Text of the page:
John Garner

PEG-PLA from PolySciTech used to develop silver-antibiotic nanoparticle for treatment of MRSA

Blog Post created by John Garner on May 14, 2018

Gelfat, 2018 MRSA nanoparticle PEG-PLA PolyScitech.jpg

For decades, antibiotics have been the ‘go-to’ therapy for a broad range of diseases. In many ways, it has been the development of antibiotics which has allowed society to grow to where it is now. In the absence of these interventions, diseases such as cholera and typhoid would have wiped out large numbers of people. Bacteria, like all living organisms, are adaptive and as time goes by, more and more bacteria are presenting resistance against antibiotics which drastically limits treatment options. Notably, MRSA, remains resistant to most available treatment options and can be deadly. Recently, researchers at Northeastern University used mPEG-PLA (AK021) from PolySciTech ( to develop nanoparticles loaded with silver, gentamicin, and fructose. They found these agents work together to kill MRSA in a synergistic manner. This research holds promise to provide vital treatment options for this nearly incurable disease. Read more: Gelfat, Ilia, Benjamin M. Geilich, and Thomas J. Webster. "Fructose-Enhanced Antimicrobial Activity of Silver Nanoparticle-Embedded Polymersome Nanocarriers." Journal of biomedical nanotechnology 14, no. 3 (2018): 619-626. 7?crawler=true&mimetype=application/pdf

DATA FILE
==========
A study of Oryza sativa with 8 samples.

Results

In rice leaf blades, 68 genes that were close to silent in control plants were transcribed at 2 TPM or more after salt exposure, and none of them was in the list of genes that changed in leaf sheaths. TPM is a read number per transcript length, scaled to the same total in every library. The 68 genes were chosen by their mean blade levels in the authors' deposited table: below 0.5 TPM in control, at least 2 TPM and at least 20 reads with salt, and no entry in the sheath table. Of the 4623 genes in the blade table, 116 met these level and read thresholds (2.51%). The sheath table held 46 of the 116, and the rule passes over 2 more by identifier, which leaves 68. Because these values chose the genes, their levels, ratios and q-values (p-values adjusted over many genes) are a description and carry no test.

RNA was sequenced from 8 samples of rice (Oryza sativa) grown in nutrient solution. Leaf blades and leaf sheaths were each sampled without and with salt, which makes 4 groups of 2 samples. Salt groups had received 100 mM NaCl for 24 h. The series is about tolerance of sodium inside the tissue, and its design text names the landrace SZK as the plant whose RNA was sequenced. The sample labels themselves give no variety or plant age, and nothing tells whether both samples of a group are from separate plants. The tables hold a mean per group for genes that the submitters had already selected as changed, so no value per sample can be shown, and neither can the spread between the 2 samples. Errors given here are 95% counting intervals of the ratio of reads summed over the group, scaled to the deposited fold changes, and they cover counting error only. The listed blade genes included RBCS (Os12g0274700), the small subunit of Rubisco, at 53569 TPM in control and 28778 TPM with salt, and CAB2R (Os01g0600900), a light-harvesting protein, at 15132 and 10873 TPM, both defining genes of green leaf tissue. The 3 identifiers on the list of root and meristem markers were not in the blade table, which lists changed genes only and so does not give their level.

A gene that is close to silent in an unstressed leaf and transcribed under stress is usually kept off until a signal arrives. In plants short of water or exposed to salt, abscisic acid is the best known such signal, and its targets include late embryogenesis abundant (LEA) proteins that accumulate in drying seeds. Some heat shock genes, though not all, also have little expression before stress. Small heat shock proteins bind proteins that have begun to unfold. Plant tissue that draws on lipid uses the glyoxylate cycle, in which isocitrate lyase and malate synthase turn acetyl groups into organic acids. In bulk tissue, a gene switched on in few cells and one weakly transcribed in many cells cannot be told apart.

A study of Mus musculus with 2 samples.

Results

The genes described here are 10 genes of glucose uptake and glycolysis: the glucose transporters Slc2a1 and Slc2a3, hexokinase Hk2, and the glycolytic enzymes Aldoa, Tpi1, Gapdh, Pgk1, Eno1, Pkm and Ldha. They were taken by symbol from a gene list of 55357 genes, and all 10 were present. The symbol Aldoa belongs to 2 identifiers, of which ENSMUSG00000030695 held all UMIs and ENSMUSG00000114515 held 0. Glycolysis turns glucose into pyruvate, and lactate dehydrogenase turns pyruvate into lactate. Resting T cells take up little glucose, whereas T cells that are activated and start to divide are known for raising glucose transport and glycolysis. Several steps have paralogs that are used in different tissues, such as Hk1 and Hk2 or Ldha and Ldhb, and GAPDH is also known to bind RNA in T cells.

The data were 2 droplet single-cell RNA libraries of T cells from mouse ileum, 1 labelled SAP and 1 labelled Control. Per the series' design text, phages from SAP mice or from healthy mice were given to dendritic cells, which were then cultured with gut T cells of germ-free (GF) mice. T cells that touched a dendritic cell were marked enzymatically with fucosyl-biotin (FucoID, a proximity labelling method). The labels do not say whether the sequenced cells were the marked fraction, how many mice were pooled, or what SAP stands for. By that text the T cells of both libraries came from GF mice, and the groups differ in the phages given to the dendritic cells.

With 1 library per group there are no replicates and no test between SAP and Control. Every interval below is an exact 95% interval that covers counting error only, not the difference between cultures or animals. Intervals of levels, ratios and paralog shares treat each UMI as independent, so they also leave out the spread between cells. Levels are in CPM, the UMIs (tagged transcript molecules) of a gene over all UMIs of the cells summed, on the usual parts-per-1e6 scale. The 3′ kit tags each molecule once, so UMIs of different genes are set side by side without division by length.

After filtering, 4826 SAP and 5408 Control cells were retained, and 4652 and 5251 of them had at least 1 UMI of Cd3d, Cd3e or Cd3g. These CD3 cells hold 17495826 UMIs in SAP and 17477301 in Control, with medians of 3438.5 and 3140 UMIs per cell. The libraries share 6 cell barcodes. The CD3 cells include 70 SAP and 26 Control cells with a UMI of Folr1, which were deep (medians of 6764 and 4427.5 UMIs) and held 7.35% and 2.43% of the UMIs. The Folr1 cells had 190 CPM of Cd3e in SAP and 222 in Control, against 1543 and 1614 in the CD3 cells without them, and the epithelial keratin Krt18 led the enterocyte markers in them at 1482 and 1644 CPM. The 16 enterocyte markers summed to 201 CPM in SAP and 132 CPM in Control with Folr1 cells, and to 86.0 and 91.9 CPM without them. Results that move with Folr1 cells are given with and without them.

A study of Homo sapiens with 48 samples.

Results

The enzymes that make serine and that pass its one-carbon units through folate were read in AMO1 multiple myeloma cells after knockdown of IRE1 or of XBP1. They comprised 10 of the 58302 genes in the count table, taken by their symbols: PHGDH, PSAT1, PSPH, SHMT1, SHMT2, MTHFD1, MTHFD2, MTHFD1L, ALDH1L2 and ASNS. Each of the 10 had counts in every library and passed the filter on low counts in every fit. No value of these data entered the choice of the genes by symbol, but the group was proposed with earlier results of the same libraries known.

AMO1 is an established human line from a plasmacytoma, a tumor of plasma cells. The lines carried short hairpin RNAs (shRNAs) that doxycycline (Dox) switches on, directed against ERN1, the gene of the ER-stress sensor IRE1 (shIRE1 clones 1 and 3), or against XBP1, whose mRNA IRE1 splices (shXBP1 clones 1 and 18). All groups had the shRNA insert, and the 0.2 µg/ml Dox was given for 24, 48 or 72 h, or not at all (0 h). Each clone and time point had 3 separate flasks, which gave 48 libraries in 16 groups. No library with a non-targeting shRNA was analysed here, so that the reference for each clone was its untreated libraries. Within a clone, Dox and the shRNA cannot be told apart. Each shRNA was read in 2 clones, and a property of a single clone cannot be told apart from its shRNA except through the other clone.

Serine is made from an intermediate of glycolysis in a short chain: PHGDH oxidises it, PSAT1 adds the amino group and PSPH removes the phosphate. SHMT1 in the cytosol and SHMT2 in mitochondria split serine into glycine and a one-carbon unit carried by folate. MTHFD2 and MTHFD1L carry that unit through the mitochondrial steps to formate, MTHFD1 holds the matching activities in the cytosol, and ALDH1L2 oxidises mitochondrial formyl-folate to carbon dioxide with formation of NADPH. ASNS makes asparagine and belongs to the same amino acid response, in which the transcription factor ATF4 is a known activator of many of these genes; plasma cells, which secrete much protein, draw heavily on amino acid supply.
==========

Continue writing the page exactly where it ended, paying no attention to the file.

“Abstract: In recent years, an increasing body of research has indicated that the antimicrobial activity of certain antibiotic drugs can be enhanced by the addition of specific metabolites. This study aimed to incorporate these findings into polymersomes (novel polymer-based nanoscale drug delivery vehicles) which can be loaded with various therapeutic molecules and nanoparticles. Polymersome technology has shown promising results in treating antibiotic-resistant infections by co-encapsulating the antibiotic methicillin with silver nanoparticles. Here, silver nanoparticle-embedded polymersomes (AgPs) were synthesized in a similar fashion with gentamicin replacing methicillin as the antibiotic agent and supplemented with fructose to promote efficacy. Two clinically-isolated strains of methicillin-resistant Staphylococcus aureus (MRSA) (ATCC #43300 and ATCC #25923) were cultured and treated with the new AgP formulations, with the former strain being susceptible to gentamicin and the latter strain being resistant to gentamicin. The treatment of the non-resistant strain yielded promising results with the polymersomes without fructose supplementation inducing a maximal growth rate reduction of up to 40% and an increase in lag time of up to 141% relative to the untreated control. Impressively, the fructose-loaded polymersomes completely eliminated the bacterial growth over the observed time period at the higher doses and outperformed the no-fructose treatment at all concentrations. However, despite significantly reducing bacterial growth, the treatment of the gentamicin-resistant strain did not seem to be enhanced by the addition of fructose. Lastly, the present study demonstrated that the presence of fructose in the polymersomes seemed to slightly ameliorate the cytotoxic effect of the treatment on human dermal fibroblasts (a model mammalian cell). In addition to developing and testing a new polymersome formulation with fructose resulting in increased efficacy, the results of this study also demonstrated the variability inherent to developing novel antimicrobial treatments for different bacterial strains.”